Unix Downloading Instructions (Sun OS, Sparc Machines). Version 3.5.5. May 26, 2005;
Version 3.6.9, December 15, 2005.

ball For 3.5.5 you need the files that are in this gzip archive:


For 3.6.9 you need the files that are in this gzip archive:


Why two versions? 3.6.9 has all the updates, bug fixes, and new features described on the Linux or OS X page, or here. But it has a small problem, which will probably concern only those doing intense computations. For whatever reason, the compiler that I used recently to produce this version would not produce the fully correct code to do the best memory management. Thus, over a long time, some of the heuristics that guide certain algorithms will not work right, and Fermat will slow down. Most people will not notice anything.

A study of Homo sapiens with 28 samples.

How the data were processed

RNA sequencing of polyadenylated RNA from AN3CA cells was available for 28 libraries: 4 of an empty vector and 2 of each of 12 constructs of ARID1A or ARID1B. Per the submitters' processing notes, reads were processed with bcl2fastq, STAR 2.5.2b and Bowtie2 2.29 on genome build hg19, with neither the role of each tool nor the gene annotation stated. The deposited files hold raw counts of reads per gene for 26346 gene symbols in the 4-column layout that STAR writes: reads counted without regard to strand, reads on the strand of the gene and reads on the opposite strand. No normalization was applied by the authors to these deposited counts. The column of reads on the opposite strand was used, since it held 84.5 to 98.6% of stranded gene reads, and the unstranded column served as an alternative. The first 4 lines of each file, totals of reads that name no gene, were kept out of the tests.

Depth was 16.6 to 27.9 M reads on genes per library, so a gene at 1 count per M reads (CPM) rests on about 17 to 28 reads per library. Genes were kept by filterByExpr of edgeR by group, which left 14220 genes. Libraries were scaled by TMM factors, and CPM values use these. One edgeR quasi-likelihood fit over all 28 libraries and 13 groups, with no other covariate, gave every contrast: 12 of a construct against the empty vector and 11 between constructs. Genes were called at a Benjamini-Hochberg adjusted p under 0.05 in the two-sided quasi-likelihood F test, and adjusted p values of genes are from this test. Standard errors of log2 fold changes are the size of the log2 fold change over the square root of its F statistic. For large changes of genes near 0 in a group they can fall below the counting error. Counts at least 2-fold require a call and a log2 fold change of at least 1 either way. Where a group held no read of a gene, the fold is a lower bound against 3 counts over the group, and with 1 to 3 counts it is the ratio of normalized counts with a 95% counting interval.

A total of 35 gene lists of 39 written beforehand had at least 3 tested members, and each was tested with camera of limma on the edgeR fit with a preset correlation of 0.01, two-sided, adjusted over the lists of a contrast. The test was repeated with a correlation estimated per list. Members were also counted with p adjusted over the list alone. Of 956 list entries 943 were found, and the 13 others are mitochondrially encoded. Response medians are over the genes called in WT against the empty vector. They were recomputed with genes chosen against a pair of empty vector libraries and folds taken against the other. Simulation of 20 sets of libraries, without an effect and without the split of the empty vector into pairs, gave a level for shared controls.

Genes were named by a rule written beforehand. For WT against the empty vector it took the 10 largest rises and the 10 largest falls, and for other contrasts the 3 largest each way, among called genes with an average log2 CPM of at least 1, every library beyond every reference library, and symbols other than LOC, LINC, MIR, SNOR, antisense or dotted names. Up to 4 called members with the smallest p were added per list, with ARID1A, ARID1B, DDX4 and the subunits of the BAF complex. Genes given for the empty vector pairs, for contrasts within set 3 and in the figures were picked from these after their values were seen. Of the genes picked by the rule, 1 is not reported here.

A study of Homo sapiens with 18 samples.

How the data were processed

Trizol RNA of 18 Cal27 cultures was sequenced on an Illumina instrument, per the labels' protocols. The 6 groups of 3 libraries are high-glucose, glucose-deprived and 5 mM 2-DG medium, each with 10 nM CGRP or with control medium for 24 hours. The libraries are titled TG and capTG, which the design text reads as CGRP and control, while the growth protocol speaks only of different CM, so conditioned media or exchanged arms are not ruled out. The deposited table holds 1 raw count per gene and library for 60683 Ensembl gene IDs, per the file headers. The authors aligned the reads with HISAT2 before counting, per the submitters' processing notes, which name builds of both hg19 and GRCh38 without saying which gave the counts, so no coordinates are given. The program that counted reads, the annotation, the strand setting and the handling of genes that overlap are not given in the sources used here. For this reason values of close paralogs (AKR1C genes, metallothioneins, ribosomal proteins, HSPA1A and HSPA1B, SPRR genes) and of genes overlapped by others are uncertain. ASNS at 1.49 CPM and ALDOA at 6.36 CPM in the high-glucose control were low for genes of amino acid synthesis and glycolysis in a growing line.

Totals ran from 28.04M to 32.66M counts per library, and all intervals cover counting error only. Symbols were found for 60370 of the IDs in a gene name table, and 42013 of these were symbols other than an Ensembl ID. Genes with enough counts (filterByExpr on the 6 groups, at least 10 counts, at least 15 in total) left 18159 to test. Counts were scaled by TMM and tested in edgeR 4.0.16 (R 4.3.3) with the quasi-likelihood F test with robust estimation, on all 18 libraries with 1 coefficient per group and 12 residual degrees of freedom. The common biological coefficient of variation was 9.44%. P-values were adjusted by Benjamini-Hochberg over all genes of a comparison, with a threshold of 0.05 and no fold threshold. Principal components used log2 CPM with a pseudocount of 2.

Download and expand. To run it, go to the console, cd into the right directory, and type ./fermat (that's period-slash). For some reason, double-clicking on the fermat icon does not work for me, but that is probably a local problem. A file containing the code needed to run one of the examples on the "Fermat Tests" page is included.

This version of Fermat is written in C and compiled with gc for Sparc machines. Many thanks to Alyson Reeves.

The syntax is quite similar to that of the Windows version, so download those manuals. However, to interrupt Fermat here do cntl-C. The continuation character is `, the backwards single quote (upper left on the keyboard). The character for previous value is <. The system function is < F. Read the second readme.

Another feature: the first line of the file ferstartup should be the number of megabytes of RAM on your machine (with no semicolon). The default is 1000 meaning one gigabyte. Don't worry about the difference between 1000 and 1K = 1024.

Version 3.5.5, May 26, 2005, has faster polynomial gcd, 18% - 60% improvement on various tests. Inadvertantly, it contains a debugging statement that should have been removed. You will probably never encounter it, but if so you will see a phrase like "at2 67 26"; the numbers will vary. It is harmless.